For Dress Code

In recent years, school dress codes across the country have encountered criticism for stifling student expression and perpetuating sexist and outdated gender norms. With so much widespread criticism regarding the topic of dress codes, should Jesuit reconsider the implementation of its own dress code?

Personally, I think not. As defined in the Student Handbook, Jesuit’s dress code is designed to “reflect respect for the dignity of self, other individuals and groups, and promote effective learning and social environments”—and it has proven to be effective in meeting those goals.

Many anti-dress code sentiments stem from the idea that dress codes prevent students from expressing themselves stylistically by limiting what they can and cannot wear. While it is true that students cannot wear certain types of clothing to school, with the new addition of sweatpants and leggings to the dress code, students have many chances to express themselves while simultaneously following the parameters of the increasingly flexible dress code.

More specifically, dress codes teach students to express themselves in ways that are appropriate in their environment. While many rules outlined in the dress code set clear structures for what you can and cannot wear, some rules are vaguer and more open to interpretation, allowing students to exercise their own judgement and discernment in deciding what to wear. In other words, Jesuit’s dress code allows students to practice using their knowledge of Jesuit and the dress code to make decisions regarding their personal expression.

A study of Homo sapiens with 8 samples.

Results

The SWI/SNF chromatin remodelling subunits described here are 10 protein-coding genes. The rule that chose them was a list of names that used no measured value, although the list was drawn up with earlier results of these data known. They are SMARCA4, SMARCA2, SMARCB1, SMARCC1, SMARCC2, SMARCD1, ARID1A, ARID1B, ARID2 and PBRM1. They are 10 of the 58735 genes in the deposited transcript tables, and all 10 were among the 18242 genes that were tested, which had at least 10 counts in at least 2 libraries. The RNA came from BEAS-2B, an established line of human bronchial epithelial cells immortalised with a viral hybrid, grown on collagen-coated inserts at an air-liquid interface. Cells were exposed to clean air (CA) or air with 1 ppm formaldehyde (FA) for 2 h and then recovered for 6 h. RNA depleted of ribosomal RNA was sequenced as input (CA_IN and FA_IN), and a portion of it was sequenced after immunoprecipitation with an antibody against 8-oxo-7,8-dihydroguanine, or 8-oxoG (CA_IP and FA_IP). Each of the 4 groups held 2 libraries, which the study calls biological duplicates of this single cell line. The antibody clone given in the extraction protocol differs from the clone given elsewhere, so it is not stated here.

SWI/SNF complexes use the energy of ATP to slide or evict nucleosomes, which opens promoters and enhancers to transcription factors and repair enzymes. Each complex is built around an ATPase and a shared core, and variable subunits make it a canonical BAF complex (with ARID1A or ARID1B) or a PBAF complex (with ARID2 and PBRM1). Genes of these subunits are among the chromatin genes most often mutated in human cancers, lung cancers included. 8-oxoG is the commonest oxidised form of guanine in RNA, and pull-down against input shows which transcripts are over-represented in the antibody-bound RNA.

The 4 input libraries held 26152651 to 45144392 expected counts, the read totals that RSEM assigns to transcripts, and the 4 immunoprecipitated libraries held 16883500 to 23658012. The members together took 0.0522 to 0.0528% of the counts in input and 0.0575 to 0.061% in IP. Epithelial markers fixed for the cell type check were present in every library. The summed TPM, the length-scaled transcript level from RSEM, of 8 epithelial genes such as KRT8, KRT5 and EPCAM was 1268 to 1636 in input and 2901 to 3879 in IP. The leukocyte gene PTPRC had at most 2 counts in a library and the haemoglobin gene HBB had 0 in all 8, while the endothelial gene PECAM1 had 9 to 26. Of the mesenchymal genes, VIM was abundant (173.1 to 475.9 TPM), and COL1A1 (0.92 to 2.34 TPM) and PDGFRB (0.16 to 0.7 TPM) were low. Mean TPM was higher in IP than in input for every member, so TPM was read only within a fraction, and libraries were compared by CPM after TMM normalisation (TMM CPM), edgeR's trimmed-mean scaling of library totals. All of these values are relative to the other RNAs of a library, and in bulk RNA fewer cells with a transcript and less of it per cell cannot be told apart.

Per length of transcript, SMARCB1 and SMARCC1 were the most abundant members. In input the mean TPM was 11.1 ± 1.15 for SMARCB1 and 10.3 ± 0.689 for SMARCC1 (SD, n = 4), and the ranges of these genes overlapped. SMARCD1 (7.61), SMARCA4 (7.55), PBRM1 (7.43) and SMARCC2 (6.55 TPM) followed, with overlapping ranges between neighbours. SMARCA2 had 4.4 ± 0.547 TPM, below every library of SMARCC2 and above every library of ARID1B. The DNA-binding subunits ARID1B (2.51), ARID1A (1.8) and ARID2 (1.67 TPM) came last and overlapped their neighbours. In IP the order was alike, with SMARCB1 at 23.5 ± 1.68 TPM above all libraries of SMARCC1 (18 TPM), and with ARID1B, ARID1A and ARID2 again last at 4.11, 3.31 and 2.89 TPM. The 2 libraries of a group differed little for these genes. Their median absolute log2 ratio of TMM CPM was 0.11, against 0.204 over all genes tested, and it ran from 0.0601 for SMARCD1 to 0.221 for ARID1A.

In addition to suppressing student expression, critics of dress codes commonly argue that dress codes unfairly target female-presenting and minority students. Regarding allegations of inequality, the student handbook clearly states that “the administration may grant exceptions [to the dress code] for religious, cultural, or health reasons.” Thus, if students have frustrations with certain aspects of the dress code, they are more than welcome to get exceptions for those rules.

While some may argue that the dress code unfairly violates students’ self-expression, when students enroll at Jesuit, they sign a form agreeing to follow the school rules outlined in the handbook—including the dress code. No student is subjected to the dress code against their will, because all students sign that form. 

Furthermore, as a Catholic, college preparatory institution, Jesuit has an interest in upholding its reputation for professionalism, decorum, and sophistication, even among the attire of its students. Additionally, it is important to note that students who find the Jesuit dress code creatively stifling will have plenty of opportunities to express themselves with their clothing over weekends, breaks, and spirit days, providing them with time to develop their personal style while they attend jesuit. 

Finally, even if students remain dissatisfied with the restrictions of the dress code, once they graduate, they can seek out other environments that align more closely with the clothing and forms of expression they wish to employ.

The Jesuit dress code provides four years of well-intentioned guidance on formulating personal style within the confines of an environment that requires a dress code, something most people will encounter later in life. There is value in learning to dress to a certain standard of professionalism and dignity at a young age. So, while the dress code may remain unpopular amongst students, it teaches students valuable lessons about creativity, adapting to different environments, and professionalism. Therefore, the dress code should remain implemented in some form for years to come.